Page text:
Looking for ideas for a relaxing eco vacation this year? This stunning Balinese Alila Villas Uluwatu eco resort is located on a sloping hill in Bali’s Uluwatu region on the Southern Bukit Peninsula of the charming Indonesian island. This beautifully designed complex straddles a striking white limestone cliff and an arid savanna on the tropical island's arid Bukit Pennisula. The Alilas Villas resort is the first of its kind to achieve the highest level of certification for Environmentally Sustainable Development (ESD) and is designed for the Green Globes GG21 standard. The take-your-breath-away beauty of the resort and its sensitive placement on the delicate landscape is enough to set one’s mind at ease. Warning, if you read on you will need to take a vacation….
Ok, just remember we warned you…… the design by WOHA is a vision of ecologically sound placement, form and materials which speak to a greater harmony. Indoor and outdoor spaces blend together as verandas, canopies, bridges and passages weave through the resort. The architects drew inspiration for the stone walled court yards from the local farmer’s buildings, and the overall design is a fusion of low-slung vernacular Indonesian architecture and modernism. The villas are placed to follow the natural contour of the gently sloping land, leaving much of the local vegetation and natural formations intact and providing each with a view of the Indian Ocean.
The relationship between the buildings creates unique corridors and vistas, adding to the intimacy of the grounds. The resort has 52 one-bedroom villas along with 5 cliff-side three bedroom villas and 25 private villas, each with its own pool and private pavilion perched above the Indian Ocean.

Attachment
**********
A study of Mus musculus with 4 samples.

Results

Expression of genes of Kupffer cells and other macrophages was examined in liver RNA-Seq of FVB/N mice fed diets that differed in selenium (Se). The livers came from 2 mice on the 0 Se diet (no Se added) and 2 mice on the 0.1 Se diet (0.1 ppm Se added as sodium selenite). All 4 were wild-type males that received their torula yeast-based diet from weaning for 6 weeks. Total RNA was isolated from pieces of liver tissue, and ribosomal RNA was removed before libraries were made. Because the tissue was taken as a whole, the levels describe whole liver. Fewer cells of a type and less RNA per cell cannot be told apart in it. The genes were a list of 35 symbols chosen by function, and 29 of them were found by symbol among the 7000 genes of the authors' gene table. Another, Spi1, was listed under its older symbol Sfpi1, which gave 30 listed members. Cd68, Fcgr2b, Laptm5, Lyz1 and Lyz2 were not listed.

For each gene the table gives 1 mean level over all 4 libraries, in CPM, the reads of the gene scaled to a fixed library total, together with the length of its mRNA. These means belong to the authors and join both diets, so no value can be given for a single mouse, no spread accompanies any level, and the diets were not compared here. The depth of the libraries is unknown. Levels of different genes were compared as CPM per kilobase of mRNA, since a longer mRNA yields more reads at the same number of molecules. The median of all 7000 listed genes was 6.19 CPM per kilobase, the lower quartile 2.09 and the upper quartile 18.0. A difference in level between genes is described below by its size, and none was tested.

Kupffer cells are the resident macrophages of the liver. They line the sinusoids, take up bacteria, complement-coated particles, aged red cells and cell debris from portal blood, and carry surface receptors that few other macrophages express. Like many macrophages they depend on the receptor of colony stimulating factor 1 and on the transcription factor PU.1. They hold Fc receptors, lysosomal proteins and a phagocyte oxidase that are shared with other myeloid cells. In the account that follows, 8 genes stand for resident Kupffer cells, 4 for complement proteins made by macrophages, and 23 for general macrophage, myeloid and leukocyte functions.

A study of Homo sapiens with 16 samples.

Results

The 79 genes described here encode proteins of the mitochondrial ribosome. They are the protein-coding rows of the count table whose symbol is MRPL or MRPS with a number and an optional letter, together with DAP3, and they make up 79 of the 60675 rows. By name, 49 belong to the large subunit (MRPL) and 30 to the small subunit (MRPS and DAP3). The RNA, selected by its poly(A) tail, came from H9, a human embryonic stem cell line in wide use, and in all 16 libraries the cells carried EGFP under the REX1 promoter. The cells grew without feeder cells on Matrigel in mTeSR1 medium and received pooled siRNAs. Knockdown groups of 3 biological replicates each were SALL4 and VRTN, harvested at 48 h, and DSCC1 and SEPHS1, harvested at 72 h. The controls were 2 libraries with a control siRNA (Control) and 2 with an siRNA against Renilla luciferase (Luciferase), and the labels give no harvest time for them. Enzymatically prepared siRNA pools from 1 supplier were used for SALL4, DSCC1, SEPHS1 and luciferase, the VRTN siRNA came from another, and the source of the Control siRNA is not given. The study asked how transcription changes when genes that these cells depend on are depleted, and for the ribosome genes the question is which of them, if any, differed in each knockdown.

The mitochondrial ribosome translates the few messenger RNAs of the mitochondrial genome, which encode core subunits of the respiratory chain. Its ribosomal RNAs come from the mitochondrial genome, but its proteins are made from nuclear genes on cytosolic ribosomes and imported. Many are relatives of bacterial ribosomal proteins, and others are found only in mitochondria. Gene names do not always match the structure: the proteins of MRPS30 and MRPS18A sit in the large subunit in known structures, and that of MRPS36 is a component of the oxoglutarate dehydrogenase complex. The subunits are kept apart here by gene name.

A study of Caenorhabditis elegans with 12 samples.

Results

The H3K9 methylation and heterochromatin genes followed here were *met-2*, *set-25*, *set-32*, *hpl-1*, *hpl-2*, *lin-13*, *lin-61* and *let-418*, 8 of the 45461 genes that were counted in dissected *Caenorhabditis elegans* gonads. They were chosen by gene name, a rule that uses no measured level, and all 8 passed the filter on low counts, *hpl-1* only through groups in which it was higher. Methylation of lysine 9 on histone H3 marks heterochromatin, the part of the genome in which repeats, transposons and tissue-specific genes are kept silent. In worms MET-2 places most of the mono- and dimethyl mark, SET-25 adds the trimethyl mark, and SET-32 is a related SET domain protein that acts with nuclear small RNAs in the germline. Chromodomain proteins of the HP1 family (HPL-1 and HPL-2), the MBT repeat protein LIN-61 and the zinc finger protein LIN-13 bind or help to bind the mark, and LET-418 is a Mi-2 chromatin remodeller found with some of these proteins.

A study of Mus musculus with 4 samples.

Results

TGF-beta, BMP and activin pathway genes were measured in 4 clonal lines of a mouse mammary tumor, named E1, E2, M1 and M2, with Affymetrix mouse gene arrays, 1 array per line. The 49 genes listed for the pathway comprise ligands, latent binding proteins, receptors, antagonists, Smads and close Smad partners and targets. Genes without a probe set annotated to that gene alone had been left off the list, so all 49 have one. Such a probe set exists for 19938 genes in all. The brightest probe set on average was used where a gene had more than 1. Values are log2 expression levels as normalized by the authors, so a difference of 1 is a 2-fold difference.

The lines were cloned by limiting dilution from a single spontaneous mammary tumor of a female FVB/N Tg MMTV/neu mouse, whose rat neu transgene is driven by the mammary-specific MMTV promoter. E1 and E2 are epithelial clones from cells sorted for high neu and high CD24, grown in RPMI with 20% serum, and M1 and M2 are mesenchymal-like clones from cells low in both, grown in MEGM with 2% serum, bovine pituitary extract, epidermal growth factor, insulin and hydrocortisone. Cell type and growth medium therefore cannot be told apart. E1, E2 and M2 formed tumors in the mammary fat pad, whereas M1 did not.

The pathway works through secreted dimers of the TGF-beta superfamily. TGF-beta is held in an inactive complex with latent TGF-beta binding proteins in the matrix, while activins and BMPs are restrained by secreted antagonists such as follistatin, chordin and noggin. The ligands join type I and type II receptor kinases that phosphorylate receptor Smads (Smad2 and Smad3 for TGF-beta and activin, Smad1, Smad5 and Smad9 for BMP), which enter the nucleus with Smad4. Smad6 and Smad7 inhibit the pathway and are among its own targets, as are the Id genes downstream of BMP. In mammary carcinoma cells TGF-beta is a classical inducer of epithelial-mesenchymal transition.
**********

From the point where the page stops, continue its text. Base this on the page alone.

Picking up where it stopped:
The villas need no air conditioning — they open toward the ocean to scoop up the prevailing breezes, which are cooled as they sweep over the salt water pools. The limestone for the walls is reclaimed from excavations on-site, and the extensive use of reclaimed and locally-sourced ironwood graces the doors, cabinets, and exterior trellises and paneling. Most of the locally-inspired furniture is built on the neighboring island of Java, as are the artisan cement tiles.
The landscaping consists of only local fauna — determined by an extensive study of the grounds. There is an extensive grey water system combined with a rain water cistern under each villa that provides water for the toilets and gardens. A series of bio-swales and rain gardens throughout the development manage storm water, and even the sewage water is reclaimed onsite. The domestic hot water is heated using heat pumps. Power is currently provided by biodiesel generators powered by organic waste from the resort, but the site will eventually use electricity generated from wind farms on the peninsula.
A resort like this is only as successful as the health of the greater surrounding environment. The developers intend to set an example for Indonesian tourist development that respects and intimately relates to its environs though an ongoing program to reduce its overall environmental impact. It is up to you, though, to find an environmentally sound way to get there.